Letting Go Of Perfectionism
We all have those areas where we need to be stretched. For some maybe they need to find ways to be more confident. For others they need to be stretched and challenged in their work so as not to become complacent. Adding a new baby stretches people, getting married and living with a new person stretches people, and in my current case... adding a puppy to a perfectionist's home stretches me.
I knew months ago that I was going to write this post. Not because it's been four or five days and I'm going to pull my hair out (he's not even shedding and he's been really, a pretty good little pup), but because it's an adjustment for the bubble I've created in our home. A clean, quiet bubble with no dirt clumps or carpet stains or unsavory smells. That's going to change, and I have to change with it.
It doesn't mean letting go of my already cleanly habits entirely, but it means taking things a notch or two down on my perfectionism spectrum. It means making room for messes that are made by a little creature that brings me joy. It's not going to be easy, and for any perfectionist out there, letting go of such habits is a serious challenge. Here are some things I'm going to keep in mind to redefine what "perfect" is to me. Not just in the case of our new puppy, but in my perfectionist nature as a whole.
Remember that God is in the messes too.
Have you heard this phrase? I've heard it several times lately, and the timing has always been just right. It's a simple statement, but think about it. Does God only meet us when our counters are clean and our beds are made? Does He only meet us when clothes are folded or cars are detailed? No. Of course not. His Word is there in the pile of laundry on the living room floor. We can pray for patience amidst the puppy accidents on the rug, and we can do devotions with our loved ones before we say goodnight in a room strewn with shoes, towels, and dirty socks. My house doesn't need to be perfect for God... so why does it need to be such a high standard of perfect at all?
Can your incessant perfectionism make the sweeter things less sweet?
We have a puppy! Of course I'm completely thrilled and overjoyed beyond belief, but does my need to vacuum very crumb off the carpet to keep things "how I like them," take away from this precious puppy-hood? It might. It's easy to justify by calling it upkeep or "for my sanity," but it's just a justification for not being able to let go of my perfectionism. Am I saying I should let my whole house go to rot? No, but the "freak" in my clean-freak nature may need to take a backseat so it doesn't sour the sweet things.
That's just one example though. Think of when you put some of your perfectionist tendencies before your children, spouse, or friends. Maybe you're a perfectionist with your work and it makes you a workaholic with little time to give your family. Before we know it, perfectionism can creep in and ruin even the sweetest things.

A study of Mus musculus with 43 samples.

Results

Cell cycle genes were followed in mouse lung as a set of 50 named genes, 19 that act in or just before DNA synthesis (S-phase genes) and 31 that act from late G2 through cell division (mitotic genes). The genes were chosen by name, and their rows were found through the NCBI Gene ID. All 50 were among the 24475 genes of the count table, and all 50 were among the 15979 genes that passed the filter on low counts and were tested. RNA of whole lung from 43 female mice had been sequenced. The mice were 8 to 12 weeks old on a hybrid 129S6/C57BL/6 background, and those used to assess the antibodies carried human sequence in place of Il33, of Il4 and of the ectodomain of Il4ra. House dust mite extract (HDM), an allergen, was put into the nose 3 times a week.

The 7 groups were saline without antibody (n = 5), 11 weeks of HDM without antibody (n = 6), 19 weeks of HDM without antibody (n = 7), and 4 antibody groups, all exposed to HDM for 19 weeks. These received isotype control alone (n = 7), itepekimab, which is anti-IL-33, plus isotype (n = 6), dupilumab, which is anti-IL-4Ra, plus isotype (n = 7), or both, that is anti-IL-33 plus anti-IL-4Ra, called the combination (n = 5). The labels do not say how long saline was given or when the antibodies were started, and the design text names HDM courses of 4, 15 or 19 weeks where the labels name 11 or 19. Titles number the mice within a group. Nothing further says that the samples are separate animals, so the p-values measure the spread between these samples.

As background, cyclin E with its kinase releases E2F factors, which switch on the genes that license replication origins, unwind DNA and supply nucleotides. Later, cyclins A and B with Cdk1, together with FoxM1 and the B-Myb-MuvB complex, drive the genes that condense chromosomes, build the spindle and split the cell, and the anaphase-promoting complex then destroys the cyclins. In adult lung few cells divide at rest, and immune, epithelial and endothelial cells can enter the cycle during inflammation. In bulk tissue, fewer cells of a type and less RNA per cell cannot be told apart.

I'm not actually in control.
Sometimes I think perfectionism comes from a need to control. In a positive sense, it can give you a feeling of consistency when everything else seems to be out of whack. However, it can also give you a false sense of control. As much as I like to think I keep our home (as an example) in tip-top shape, things will still go awry because that's life. Roofs eventually need re-shingling - no matter how well you care for them, leaks in plumbing can occur, and carpet gets ruined.
Do you sometimes find yourself thinking your actual life plan should go one way and then... it doesn't? No matter how often you "play by the rules" or supposedly do everything right, you're not actually in control. God is. There are no better hands for my life to be in, so why stomp my foot and get upset when it doesn't? God doesn't make mistakes. But we do. Let go of the control and trust.
Leaving room for imperfection, leaves room for grace.
We all need grace. I've talked about it many times on this little space, but the truth is, I'm not always that good at giving grace, even though it's given to me so freely by my Savior. When my husband makes the same annoying (but pithy) mistake over and over, my grace starts to run dry. But with God, graces abounds... so where does mine disappear to? I'm not saying you leave room to purposefully sin, but to realize that mistakes are inevitable, life isn't perfect, and grace can offer so much freedom and practice in forgiveness, that imperfection shouldn't cause fear.
These are just a few things I hope to keep in mind in the coming months as we move forward and our "bubble" changes. Over the last four years, since Tom and I got married, we've experienced all sorts of changes to the plan we had envisioned, but... we've survived 100% of the curves in our path. With our feet firmly rooted in Christ, I know that letting go of perfectionism will undoubtedly yield good fruit. Even if it takes me a long time (which it will), I endeavor to find beauty and rest in the mess.